The Question

Screen Shot 2016-09-25 at 4.50.36 PMI remember some years ago stumbling across a pair of books by a fabulous author John Eldredge, titled ‘Wild at Heart’ and ‘Captivating’.  The books are a complimentary pair that explore masculinity and femininity- how our identities develop and all the little nuances that form the spirit of a man or woman.

There is one section in those books that I’ve never forgotten.  Eldredge puts forward the notion that each sex is born with an identity question that they spend all their lives trying to answer:

FEMALE: Am I special?

MALES: Am I enough?

When I thought about it, it seemed to make perfect sense.  Little girls go from twirling their princess dresses in front of their daddies, to twirling their hair in front of the high-school jock in search of answers to that question.  A strong woman grows up and realises that the only one who needs to be sure she is special, is herself.

Boys are equally obsessed by the quest to figure out if ‘they are enough’.

I was sitting this week at my desk watching my sons play on the tree outside.  The entire game had no purpose other than to see who could hang on the longest whilst the rest of the boys shook the branch.  Splendid way to spend the afternoon.  Likely way to break some bones.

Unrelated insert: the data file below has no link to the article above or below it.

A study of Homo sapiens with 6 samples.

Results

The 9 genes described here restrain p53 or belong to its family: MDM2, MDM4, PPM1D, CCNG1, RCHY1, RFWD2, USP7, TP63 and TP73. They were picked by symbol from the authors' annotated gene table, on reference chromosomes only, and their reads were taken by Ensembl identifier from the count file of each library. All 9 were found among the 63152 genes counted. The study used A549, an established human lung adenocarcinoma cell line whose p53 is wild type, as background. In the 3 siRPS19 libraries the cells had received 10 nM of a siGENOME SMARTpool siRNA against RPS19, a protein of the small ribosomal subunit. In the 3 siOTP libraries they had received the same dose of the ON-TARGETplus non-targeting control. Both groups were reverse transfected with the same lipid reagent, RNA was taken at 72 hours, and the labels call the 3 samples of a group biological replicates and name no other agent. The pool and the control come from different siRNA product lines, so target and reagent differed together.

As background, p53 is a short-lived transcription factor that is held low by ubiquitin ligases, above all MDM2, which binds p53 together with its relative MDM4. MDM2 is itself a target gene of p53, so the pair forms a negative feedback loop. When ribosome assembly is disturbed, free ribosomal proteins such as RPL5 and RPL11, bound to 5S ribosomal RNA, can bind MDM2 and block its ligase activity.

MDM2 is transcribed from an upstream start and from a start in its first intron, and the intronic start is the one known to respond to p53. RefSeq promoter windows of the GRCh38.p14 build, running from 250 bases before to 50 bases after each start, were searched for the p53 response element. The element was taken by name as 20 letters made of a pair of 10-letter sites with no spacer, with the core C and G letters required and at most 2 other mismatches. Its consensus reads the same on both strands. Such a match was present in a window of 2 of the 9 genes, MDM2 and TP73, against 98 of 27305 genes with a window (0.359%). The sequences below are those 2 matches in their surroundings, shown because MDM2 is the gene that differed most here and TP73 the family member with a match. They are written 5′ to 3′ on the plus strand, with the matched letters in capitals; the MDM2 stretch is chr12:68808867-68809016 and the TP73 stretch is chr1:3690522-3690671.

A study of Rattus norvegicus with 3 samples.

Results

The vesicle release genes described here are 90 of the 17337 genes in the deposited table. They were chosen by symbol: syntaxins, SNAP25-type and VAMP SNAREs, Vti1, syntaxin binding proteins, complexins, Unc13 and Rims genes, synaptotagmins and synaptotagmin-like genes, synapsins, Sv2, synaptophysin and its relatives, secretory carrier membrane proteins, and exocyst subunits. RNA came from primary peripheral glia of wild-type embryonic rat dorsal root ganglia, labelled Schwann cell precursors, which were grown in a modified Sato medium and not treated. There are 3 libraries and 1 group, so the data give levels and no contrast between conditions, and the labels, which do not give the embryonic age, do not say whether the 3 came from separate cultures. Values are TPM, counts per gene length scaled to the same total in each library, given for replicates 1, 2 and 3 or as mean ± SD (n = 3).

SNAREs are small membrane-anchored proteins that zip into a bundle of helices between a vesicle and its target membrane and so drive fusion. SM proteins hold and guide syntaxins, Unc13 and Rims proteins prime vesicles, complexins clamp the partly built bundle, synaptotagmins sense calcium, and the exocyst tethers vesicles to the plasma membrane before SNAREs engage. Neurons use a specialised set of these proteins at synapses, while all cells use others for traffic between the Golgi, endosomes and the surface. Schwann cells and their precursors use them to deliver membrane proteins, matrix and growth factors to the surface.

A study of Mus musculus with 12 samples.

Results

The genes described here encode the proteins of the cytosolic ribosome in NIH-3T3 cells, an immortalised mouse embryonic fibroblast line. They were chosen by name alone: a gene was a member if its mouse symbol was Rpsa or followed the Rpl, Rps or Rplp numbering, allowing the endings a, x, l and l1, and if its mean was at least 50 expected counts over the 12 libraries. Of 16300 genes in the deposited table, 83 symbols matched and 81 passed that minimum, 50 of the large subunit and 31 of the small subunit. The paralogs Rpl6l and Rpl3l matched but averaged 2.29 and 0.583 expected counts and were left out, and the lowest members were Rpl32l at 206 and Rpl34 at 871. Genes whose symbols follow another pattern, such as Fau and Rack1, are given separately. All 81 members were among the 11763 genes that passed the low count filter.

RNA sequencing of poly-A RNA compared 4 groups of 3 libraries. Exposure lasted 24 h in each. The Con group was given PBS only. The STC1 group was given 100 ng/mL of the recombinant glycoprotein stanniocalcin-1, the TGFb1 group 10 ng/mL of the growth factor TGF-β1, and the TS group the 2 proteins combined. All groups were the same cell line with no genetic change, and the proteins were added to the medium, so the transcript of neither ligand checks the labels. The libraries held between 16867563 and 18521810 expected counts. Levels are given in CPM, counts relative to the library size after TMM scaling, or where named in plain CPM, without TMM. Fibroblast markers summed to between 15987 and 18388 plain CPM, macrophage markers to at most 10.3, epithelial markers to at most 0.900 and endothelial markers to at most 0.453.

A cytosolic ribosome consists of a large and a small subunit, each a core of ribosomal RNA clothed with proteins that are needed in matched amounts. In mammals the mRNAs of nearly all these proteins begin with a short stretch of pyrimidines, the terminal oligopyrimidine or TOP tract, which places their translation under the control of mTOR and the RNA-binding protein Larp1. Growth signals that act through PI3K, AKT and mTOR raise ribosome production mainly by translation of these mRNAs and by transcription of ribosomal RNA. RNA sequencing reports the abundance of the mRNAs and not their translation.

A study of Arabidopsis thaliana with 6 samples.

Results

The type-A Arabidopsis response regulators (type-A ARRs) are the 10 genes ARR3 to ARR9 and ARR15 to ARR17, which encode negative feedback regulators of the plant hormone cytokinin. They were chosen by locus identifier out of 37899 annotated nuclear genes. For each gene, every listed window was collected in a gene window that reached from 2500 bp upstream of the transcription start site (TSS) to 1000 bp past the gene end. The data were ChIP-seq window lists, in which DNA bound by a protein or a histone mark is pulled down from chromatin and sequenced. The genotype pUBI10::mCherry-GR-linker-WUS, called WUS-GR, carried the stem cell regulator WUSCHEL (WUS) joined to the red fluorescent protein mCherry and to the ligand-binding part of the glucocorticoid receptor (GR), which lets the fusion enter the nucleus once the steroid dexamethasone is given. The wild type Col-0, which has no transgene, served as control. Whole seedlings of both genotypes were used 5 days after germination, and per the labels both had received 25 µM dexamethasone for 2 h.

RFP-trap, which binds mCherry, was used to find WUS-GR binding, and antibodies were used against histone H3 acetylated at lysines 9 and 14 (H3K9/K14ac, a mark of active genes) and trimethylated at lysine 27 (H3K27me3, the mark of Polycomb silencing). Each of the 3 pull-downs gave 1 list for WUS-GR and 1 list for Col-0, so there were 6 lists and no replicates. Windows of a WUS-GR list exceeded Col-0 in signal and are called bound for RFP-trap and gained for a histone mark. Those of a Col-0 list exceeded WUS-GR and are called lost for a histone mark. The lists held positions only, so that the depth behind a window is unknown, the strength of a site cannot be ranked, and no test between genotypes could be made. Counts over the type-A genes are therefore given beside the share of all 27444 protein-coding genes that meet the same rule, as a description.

‘Watch me, mum!  Did you see how long I stayed on that time…?’  Their shouts reminded me of the books and how true it is that little boys spend a lot of time measuring themselves (no, I’m not talking about that).

They want to know if they can run further, hit harder, win more points… and the pursuit of significance is one that continues throughout their lives.  They drive cars recklessly, they climb the corporate ladder in search of the biggest office.  They take on massive mortgages in order to buy their families a bigger home.

I know this drive is not exclusive to the male species; but it certainly is more common and it is almost always linked closely with self esteem and the healthy development of the masculine ego.

Remembering this, I decided to put a quote on the boy’s bathroom mirror to remind them daily of their worth.  I went to my good friend Google and typed in ‘quotes about self esteem for boys’ and was surprised to find that the search engine predicted quotes ‘for girls’, but there was no predictive search tab ‘for boys’.  I’m not sure why but I found that pretty sad.

I’m all for teaching our daughters confidence in what some still see largely as a ‘man’s world’.  But our boys do not have an easier ride.  The perception that they may have more opportunities and choices, only puts our young men under more pressure.  With the risk of suicide being up to 4 times higher amongst men versus women, there are clearly a large portion of our sons growing up without feeling that ‘they are enough’.

So I thought- stuff the motivational quote.  Until they leave this nest, I will be the quote.  I will take every opportunity to celebrate their victories, to make sure they feel heard, encouraged, valued and counted.  I will tuck them in at night with the words I’ve now been whispering to them for years:

I’m so proud of the man you’re becoming.

And then maybe when he wakes up all grown up one day, he won’t live his life asking the question, but step into the world like he knows the answer.